SAIPAN — "Blow it up into smithereens."
This is what Rep. Vicente Camacho said should be done with Imperial Pacific International's unfinished casino and hotel resort in Garapan, Saipan.
In a meeting with the Commonwealth of the Northern Mariana Islands House Committee on Gaming on Thursday, the Commonwealth Casino Commission informed Camacho and other lawmakers that there has been no construction activity at the site since the District Court for the Northern Mariana Islands issued a stop-work order in January after finding IPI and its then-chairwoman in contempt of court.
Earlier this week, Chief Judge Ramona Manglona of the District Court for the NMI granted the request of seven construction workers to sell IPI property to satisfy the $5.4 million judgment against the casino developer.
On Thursday, Camacho asked Commonwealth Casino Commission Executive Director Andrew Yeom what the commission would do with the unfinished building once IPI's assets have been liquidated.
Yeom said it depends on the fate of IPI's exclusive license. Right now, it is suspended. If the license is revoked, he said the commission will have to move on to offer another one to a new casino investor.
But, he added, "It is up to you, lawmakers, to pass a bill that will allow multiple casino licenses – or kill the industry altogether, that is up to you."
Camacho said, "My plan is to ... put ... dynamite around it and just blow it up into smithereens. Then let us build a memorial for the ancient burial sites and then we can see the ocean. Again."
The Precinct 3 lawmaker said, "There is no solution for that building anymore."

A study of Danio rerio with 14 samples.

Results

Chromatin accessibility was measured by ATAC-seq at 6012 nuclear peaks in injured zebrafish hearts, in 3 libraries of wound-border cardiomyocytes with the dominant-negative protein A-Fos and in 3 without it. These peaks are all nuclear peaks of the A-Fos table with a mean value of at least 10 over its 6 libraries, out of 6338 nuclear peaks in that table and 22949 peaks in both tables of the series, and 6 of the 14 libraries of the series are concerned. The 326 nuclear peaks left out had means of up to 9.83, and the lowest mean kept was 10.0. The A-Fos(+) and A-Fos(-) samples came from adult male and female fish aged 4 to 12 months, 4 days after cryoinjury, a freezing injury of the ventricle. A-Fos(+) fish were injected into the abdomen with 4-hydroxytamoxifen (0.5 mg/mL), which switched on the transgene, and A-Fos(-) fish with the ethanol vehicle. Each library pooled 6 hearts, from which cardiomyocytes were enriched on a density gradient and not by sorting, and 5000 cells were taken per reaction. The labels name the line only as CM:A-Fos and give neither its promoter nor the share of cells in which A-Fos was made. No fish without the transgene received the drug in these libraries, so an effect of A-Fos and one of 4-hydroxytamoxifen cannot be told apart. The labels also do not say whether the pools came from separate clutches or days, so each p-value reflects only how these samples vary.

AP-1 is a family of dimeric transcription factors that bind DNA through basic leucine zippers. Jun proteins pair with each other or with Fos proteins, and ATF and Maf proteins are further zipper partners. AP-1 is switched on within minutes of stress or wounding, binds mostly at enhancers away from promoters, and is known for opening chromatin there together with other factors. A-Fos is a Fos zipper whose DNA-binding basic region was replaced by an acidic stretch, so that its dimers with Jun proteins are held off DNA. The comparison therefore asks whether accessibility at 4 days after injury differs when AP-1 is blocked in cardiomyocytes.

He added, "I don't know if there is anybody who wants to buy that building. It would be too expensive."
Yeom replied, "I think any new investor would have to buy this thing in a very cost-effective way."
Camacho said: "Yeah, I think we should just kill it and dynamite it down. That is what I want done."
Outgoing Commonwealth Casino Commission legal counsel Mike Ernest, who will move to the CNMI Public School System soon, said the commission is more interested in seeing IPI comply with the law, which includes paying its obligations to the CNMI government.
The CNMI House Gaming Committee vice chair, Tina Sablan, asked Yeom if the casino commission is "going to play any role or are you doing anything to examine the future of the industry for the commonwealth and to assist the policymakers in determining what is viable or what the options might be?"
Yeom said the law gives the commission the power to issue another license to a new investor if IPI's license is revoked. "So, certainly, we have a role (in) this," he added.
He noted that even IPI's top officials have told the commission that casino "high rollers are very hard to find these days."
Like many other business establishments on island, IPI's casino shut down in March 2020 at the onset of the global COVID-19 pandemic.
Yeom believes that issuing at least three casino licenses will benefit the CNMI economy.
But since potential visitors don't see Saipan as a casino destination, he added, the casino investors to invite are the ones who will primarily market the island's other attractions, such as its golf courses and ocean.
Yeom said investors would focus on the resort side of the development, and the casino would just be a "by the way" amenity that could give the island an edge against competing tourist destinations in the region.
The Gaming Committee chairman, Rep. Edwin Propst, echoed the concerns of a former IPI employee, Vincent Aldan, regarding violations of the CNMI Department of Public Works building code.
IPI's an unfinished hotel and casino building, he added, and is considered abandoned as described in the building code.
But Propst said, if others worry about the building's structural integrity, "I worry about IPI's integrity."
He said IPI has "the audacity to hire many lawyers and fight it out in the court" even though some of its former workers have never been fully paid, he added.